About Thurston Geodata Center
Responsibilities of the Thurston GeoData Center include: data capture, maintenance and quality assurance/quality control; data analysis, database and system administration; programming support; map production; and provide training.
Using this administrative and funding approach TGIF created approximately 50 layers of spatial data related to Thurston County. Layers included, but were not limited to, political boundaries (city limits, county, commissioner districts, voter, fire, and school districts), storm water utility rate districts, zoning, roads and natural resources (rivers and lakes, soils, wetlands, floodplains and shoreline management areas). In addition to creating data layers, TGIF provided project support to the founding organizations and to other programs on a special project basis.
By 1994, the utility of geographic analysis was becoming recognized within Thurston County, as was the need for a full-time manager. A full-time manager was hired in March 94 to direct the growth and development of the TGIF program. The program work plan shifted from data creation to providing services, training, and access to program information. In addition, the approach to funding the program was changed. No longer did the funding organizations pay in to the program based on a percentage according to the number of parcels they administered, they paid an hourly rate for services provided directly to them. Presently, Thurston County provides funding for base level operations including data and system maintenance and map production support for county programs. The remainder of the program's funding comes from direct contract services provided to clients including Lacey, Olympia, Thurston Regional Planning Council, Federal, State, and Local agencies, private business and organizations, the general public, and from data and map sales. Following changes in the work plan, funding structure, and program direction, TGIF changed its organizational name to the Thurston GeoData Center (TGC).
What is TGC About Today?Presently, TGC maintains over 120 different layers of geographic information about Thurston County and provides service and support to over 100 government and private organizations and the general public. Thurston Geodata Center also provides training and support to an additional 110 ArcGIS and ArcView users throughout the county.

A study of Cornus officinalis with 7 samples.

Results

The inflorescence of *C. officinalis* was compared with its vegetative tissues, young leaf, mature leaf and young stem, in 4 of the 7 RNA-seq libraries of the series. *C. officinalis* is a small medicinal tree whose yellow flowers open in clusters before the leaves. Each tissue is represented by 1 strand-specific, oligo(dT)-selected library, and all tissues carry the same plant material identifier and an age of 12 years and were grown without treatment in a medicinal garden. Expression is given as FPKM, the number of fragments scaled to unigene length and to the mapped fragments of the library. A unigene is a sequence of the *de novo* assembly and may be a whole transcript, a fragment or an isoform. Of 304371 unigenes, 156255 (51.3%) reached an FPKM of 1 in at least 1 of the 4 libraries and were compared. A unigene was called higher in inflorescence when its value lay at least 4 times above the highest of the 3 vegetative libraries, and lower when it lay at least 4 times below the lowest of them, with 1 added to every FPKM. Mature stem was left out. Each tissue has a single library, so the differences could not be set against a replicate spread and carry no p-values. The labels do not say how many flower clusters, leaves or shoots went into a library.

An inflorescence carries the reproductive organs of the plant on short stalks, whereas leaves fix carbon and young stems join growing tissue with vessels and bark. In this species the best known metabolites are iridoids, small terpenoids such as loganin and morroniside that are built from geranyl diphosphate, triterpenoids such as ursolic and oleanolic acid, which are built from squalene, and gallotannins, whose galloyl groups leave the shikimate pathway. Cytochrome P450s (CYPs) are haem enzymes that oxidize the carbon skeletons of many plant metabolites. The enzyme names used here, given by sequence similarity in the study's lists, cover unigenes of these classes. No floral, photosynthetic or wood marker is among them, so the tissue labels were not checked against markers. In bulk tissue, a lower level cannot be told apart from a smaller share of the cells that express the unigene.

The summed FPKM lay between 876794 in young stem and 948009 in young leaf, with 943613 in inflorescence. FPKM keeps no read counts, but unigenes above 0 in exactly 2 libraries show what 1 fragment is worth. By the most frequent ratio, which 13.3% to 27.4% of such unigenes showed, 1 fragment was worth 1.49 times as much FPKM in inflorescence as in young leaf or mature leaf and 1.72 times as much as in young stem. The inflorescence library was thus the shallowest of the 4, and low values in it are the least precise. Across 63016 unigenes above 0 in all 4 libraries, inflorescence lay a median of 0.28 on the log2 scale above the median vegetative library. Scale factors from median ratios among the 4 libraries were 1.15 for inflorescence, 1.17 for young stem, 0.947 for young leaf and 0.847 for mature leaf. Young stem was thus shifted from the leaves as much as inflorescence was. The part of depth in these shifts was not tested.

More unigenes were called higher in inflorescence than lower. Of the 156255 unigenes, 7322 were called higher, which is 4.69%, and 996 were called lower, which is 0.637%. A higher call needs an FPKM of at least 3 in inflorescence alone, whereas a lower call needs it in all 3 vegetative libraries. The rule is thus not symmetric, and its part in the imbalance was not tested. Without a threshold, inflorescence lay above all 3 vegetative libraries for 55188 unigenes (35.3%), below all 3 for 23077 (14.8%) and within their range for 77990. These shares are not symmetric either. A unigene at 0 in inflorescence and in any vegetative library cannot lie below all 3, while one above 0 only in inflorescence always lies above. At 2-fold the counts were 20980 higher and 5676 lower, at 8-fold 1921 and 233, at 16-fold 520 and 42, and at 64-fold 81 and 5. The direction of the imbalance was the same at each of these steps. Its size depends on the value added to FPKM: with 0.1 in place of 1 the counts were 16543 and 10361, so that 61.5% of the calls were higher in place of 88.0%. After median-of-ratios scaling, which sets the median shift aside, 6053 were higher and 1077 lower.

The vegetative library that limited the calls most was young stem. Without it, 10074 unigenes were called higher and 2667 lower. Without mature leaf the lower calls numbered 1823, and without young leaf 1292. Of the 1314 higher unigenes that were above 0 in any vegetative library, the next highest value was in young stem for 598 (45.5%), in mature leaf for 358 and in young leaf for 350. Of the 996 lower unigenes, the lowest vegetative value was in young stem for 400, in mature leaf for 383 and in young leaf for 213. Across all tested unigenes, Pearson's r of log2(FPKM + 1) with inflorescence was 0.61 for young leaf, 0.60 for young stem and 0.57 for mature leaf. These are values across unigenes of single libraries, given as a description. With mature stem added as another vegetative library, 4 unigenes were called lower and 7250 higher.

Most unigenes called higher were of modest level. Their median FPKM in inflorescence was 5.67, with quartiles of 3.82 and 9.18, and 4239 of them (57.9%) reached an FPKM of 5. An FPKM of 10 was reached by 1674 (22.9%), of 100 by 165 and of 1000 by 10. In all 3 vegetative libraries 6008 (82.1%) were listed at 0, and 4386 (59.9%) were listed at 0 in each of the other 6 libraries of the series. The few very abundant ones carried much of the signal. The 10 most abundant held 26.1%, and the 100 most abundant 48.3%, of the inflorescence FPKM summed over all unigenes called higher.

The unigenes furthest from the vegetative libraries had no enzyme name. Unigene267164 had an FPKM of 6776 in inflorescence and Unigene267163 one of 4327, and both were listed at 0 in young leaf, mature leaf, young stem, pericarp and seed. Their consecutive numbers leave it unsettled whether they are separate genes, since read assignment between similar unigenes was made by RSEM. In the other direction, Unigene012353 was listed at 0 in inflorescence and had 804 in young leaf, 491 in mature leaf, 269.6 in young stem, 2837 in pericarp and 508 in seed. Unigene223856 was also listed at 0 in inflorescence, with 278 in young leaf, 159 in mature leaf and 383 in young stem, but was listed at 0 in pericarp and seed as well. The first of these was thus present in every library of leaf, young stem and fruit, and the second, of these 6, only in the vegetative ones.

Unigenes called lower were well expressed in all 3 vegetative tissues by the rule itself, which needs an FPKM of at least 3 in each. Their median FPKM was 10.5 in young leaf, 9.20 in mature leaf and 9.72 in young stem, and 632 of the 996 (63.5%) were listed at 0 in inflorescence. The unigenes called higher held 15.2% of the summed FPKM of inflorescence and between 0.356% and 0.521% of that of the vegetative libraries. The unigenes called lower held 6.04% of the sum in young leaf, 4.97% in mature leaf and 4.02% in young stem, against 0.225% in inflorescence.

Ninety percent of all data the county collects and maintains has a spatial component or is logically linked to a location. This includes financial data, permit information, road construction and maintenance information, along with all the natural resource data.
Geographic information that TGC maintains about Thurston county includes, but is not limited to: Wetlands, Water Bodies, Habitat types, Floodplains, School Districts, Roads, Parcels, Soils, Steep Slopes, Watershed Basins, Landfills, Medic Zones, Sensitive Areas, City Limits, Fire Districts and Voter Precincts.
Data maintenance and management is only one facet of Geodata’s role in Thurston County. Analysis of datasets critical to county policy and decision-making is another role which staff fulfills on a daily basis. Critical Areas Ordinances, storm water management boundaries and environmental health site impacts are an example of several projects TGC staff has actively been working on for county departments.
Thurston Geodata Center is also utilizing GPS (Global Positioning Systems) for data capture. This method of data acquisition insures a more accurate and consistent technology, signals received from satellites, is applied to field data gathering than traditional means. Some examples of GPS usage in the county include the mapping of noxious weeds, site contamination of heavy metals, and significant natural resources.
Web site development has been a focal point for Geodata over the past several years. Continued enhancement of the user interface, as well as increasing data content, have been two areas in which Geodata staff continue to concentrate on.
Other areas of interest of which staff are working on include generating topographically detailed terrain datasets utilizing LiDAR-derived data. LiDAR is Light Detection and Ranging and is the optical analog to RADAR. This dataset was captured in 2001 by a USGS grant and provides Puget Sound counties, including Thurston, with highly accurate elevation data. LiDAR data can be used for hydrologic modeling, vegetation and forest canopy studies, and other areas in which an accurate elevation determination is necessary.
Geodata also is the lead entity in the acquisition of aerial photography for Thurston County. With archival photos in digital form dating back to the early 1990’s to current photography (2003 to date), TGC maintains a vast collection of photography in varying resolutions for public and county use. The program of updating photography is currently on a three year rotational basis with plans to provide updates every other year.